The machine-translation pipe dream

An article in Sankei News about NEC putting machine translation onto mobile phones (Japanese) has created a bit of buzz on Honyaku (a mailing list for J<>E translators).

Every time some new development in the machine translation world comes out, translators start to worry about whether they're going to be put out of work. Let me spare you the suspense: not for the foreseeable future. And perhaps more importantly, by the time machine translation has replaced human translators, just about every knowledge-intensive job — from programming computers, to flying jetliners, to performing brain surgery — will also have been replaced by a computer.

The reason is simple: machine translation is an AI-complete problem, which means that in order to solve it you've got to be able to make the computer as smart as a human. And although I think that this day is coming — probably within my lifetime — when it does come, everybody is going to be out of work. Hopefully that will be a good thing, because the alternatives would be very, very bad.

Despite what the relentless barrage of "articles" from the PR machines of megacorps would have you believe, machine translation hasn't gotten much better since the 1960s. The reason that so many smart people go to work in this field is that the solution always seems so tantalizingly close. That's been true ever since the first "machine translation" system — really just a very small phrasebook — was demoed. Fresh, bright young minds enter the field, find out how intractable the problem really is, and hopefully move on to a more productive field, or at least lower their expectations :)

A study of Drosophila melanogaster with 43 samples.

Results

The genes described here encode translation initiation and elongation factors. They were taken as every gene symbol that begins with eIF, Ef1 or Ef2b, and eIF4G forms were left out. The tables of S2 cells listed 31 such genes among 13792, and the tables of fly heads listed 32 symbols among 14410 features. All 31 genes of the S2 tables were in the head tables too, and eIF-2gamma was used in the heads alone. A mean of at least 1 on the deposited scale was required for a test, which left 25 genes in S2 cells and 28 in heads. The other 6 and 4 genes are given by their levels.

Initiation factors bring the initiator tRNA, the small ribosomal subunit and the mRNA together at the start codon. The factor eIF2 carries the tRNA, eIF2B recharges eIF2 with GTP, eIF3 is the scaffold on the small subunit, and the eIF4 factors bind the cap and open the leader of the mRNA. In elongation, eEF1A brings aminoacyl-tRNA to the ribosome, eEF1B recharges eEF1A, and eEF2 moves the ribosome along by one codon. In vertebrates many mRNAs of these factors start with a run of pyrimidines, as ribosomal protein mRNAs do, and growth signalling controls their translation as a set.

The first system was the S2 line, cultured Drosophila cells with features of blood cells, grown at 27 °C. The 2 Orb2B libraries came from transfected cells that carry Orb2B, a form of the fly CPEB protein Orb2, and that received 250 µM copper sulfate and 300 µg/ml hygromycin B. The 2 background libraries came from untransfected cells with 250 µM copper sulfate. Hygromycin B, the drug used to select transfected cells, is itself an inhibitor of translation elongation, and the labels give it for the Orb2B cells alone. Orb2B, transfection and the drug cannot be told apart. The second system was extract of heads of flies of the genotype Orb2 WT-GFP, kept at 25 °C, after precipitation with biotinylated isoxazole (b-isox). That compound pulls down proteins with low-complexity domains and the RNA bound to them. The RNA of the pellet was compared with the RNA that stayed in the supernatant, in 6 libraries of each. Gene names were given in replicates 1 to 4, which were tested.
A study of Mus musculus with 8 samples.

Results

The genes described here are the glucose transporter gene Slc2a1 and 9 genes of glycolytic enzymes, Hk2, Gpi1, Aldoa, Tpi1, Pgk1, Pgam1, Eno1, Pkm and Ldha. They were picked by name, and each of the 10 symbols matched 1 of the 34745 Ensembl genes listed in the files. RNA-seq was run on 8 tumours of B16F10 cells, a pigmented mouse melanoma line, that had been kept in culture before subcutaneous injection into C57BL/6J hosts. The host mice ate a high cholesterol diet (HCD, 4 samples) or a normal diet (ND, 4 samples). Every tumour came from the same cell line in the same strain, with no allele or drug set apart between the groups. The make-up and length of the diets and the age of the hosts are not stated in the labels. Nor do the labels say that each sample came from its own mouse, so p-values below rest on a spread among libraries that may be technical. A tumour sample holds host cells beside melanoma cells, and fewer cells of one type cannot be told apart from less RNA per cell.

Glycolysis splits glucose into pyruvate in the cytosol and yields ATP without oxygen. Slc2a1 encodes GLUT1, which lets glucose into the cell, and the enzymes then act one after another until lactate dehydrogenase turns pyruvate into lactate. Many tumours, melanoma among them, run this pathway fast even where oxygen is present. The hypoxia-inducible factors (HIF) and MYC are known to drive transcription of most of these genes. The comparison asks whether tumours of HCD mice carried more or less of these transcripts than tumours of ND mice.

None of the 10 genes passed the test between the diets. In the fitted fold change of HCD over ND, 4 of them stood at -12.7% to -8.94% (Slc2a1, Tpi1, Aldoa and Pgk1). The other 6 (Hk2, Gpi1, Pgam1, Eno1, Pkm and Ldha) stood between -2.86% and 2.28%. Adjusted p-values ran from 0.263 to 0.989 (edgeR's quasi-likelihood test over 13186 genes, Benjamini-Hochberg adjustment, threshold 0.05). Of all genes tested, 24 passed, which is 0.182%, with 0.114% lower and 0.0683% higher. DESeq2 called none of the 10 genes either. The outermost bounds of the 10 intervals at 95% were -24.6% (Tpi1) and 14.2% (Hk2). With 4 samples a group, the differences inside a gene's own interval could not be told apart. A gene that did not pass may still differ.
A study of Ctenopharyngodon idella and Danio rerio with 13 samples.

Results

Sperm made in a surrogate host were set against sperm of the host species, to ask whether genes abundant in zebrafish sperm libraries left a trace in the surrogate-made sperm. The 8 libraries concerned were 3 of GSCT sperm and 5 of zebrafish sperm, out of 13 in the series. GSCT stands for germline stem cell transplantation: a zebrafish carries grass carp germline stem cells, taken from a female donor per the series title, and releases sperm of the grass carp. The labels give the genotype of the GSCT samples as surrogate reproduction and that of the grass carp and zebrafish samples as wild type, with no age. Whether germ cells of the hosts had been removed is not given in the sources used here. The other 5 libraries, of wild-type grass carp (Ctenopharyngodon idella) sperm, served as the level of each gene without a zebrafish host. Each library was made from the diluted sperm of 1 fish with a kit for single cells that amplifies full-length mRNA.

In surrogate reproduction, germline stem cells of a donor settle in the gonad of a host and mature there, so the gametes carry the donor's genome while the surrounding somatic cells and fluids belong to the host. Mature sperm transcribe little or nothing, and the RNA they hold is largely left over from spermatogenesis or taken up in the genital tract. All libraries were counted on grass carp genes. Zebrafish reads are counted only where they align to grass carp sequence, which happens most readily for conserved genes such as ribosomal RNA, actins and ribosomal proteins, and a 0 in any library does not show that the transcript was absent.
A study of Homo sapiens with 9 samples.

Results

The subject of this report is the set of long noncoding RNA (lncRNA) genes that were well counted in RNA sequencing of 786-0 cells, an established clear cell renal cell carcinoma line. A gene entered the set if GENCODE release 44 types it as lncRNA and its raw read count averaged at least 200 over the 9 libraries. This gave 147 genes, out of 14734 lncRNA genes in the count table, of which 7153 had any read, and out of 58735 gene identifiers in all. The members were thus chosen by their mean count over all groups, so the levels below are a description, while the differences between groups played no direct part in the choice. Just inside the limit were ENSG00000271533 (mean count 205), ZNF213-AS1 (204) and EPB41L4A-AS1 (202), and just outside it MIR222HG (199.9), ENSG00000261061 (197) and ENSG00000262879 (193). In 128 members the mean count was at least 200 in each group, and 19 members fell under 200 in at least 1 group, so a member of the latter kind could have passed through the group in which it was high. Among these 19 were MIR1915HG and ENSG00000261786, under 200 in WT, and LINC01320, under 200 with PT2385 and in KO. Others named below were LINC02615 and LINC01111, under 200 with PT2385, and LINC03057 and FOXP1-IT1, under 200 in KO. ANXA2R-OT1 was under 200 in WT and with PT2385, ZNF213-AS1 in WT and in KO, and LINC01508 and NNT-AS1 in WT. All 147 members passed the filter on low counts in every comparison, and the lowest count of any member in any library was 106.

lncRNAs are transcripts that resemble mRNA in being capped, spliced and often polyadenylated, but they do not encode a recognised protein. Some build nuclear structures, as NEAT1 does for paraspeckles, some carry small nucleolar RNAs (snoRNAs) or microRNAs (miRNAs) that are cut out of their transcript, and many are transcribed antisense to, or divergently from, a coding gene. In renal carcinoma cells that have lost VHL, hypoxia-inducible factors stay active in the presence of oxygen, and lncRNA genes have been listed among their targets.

What is changing, and what the article about NEC shows, is that information and services are becoming ubiquitously available. A glorified voice-activated phrasebook on your mobile phone is just a small part of a transformation of our society and culture whose end result will be something that frankly, I can scarcely imagine.

4 comments to The machine-translation pipe dream

  • Have you ever read any Charlie Stross? I think you’d like his stuff.

  • Thanks for the link, Adam. Great site. I’m going to have to try one of his books.

  • Ben

    What you say above might be true for some kinds of machine translation, but the statistical method used by Google translation is actually pretty powerful. It’s good enough to that a reader can make sense of its translations from English to German and vice-versa. Sometimes the English is even correct. The Japanese to English translation is not so powerful, but I’ve actually used it to get a start on some kinds of translation work. It also has a gigantic vocabulary, so it can be used as a kind of super-dictionary.

    So I don’t think it’s correct to say that machine translation hasn’t moved on since the sixties.

  • Yes and no. Statistical methods have been around in machine translation for a long time. They kind of came into their own in the 90s, when commonly available computers finally got powerful enough to implement them cheaply.

    Then they starting blowing away the old hand-coded types of solutions in competitions aimed at getting MT systems up and running quickly. But in terms of ultimate quality, I’d say that statistical MT is at best an incremental improvement over hand coding. And we’ve been doing incremental improvements for decades. What we need is radical improvement.